We all love the convenience of a quick Google search but looking for information on how to write a CV will result in a massive number of hits, all of which can be confusing and off putting. If we are being honest, Google is often the go to source of information for many of us and careers information and advice websites can be overlooked. This means you’re missing out on expertise, current information, events and possibly wasting valuable time creating a CV which isn’t suitable for the student/graduate job market.
So, why not grab a coffee and take a few minutes to have a look at your university careers website to get on the right track when writing your CV? One of the most common mistakes I see when reviewing applications is the generic CV. It’s an easy trap to fall into, especially with all the templates available from our friend Google. Employers want to read a CV with information targeted to them. It immediately creates the right impression and confidence that this candidate understands the role and what the recruiter is ideally looking for.
Employers will tell you what skills, attributes, strengths they are looking for in the vacancy information. The person specification has been carefully thought through to identify candidates who will be able to do the job and “fit” with the organisation. Employers use this throughout the recruitment process to assess and measure your ability/competence. You should aim to provide convincing evidence that demonstrates how you meet all of the essential (and as many of the desirable requirements) as you can in your CV. This will give you the best chance of progressing through to the next stage.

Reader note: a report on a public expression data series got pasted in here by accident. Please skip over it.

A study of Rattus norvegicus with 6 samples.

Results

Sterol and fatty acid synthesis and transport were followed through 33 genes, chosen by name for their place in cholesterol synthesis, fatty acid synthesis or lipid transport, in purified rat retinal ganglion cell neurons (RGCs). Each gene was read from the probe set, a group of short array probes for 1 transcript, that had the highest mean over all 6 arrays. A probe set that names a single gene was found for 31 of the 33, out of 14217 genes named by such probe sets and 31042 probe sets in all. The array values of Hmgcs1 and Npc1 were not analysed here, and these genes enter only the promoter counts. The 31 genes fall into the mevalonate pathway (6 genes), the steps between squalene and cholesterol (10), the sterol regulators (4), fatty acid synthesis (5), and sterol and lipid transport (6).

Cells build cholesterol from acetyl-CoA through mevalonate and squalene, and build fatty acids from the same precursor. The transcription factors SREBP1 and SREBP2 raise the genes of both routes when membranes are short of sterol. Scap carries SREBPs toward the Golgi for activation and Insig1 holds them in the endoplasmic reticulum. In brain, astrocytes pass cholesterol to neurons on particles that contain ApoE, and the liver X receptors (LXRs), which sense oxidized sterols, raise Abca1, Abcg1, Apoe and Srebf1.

How do I do that?
A key place to do this is in the main body of your CV where you write about your experience. The temptation is to list key responsibilities and tasks. Instead, aim to include how you carried out the tasks and responsibilities. Provide details on when you used the skills the employer is looking for. Try not to be tempted to include everything you have ever done. Keep going back to the job description and person specification to keep on track. This does mean you might have to be brave and miss out some information.
Use bullet points to make this easy to read. Start each bullet point with a relevant, active word to evidence the required skills. There’s a great resource on our website to help with this. Include results and metrics if you can to showcase the impact you have had.
Don’t worry if you feel you haven’t got a lot of of what you believe is relevant experience. Employers tell us they’re interested and value all types of different experiences – part time work, internships, volunteering, involvement in societies and your hobbies/interests for example, can all be used. Use your past experiences to reflect on how you have used the required skills and write about these in your CV. It will change each time you apply as you target each application.
Understand what the employer wants to tailor your CV for each role you apply for and… bin the generic CV!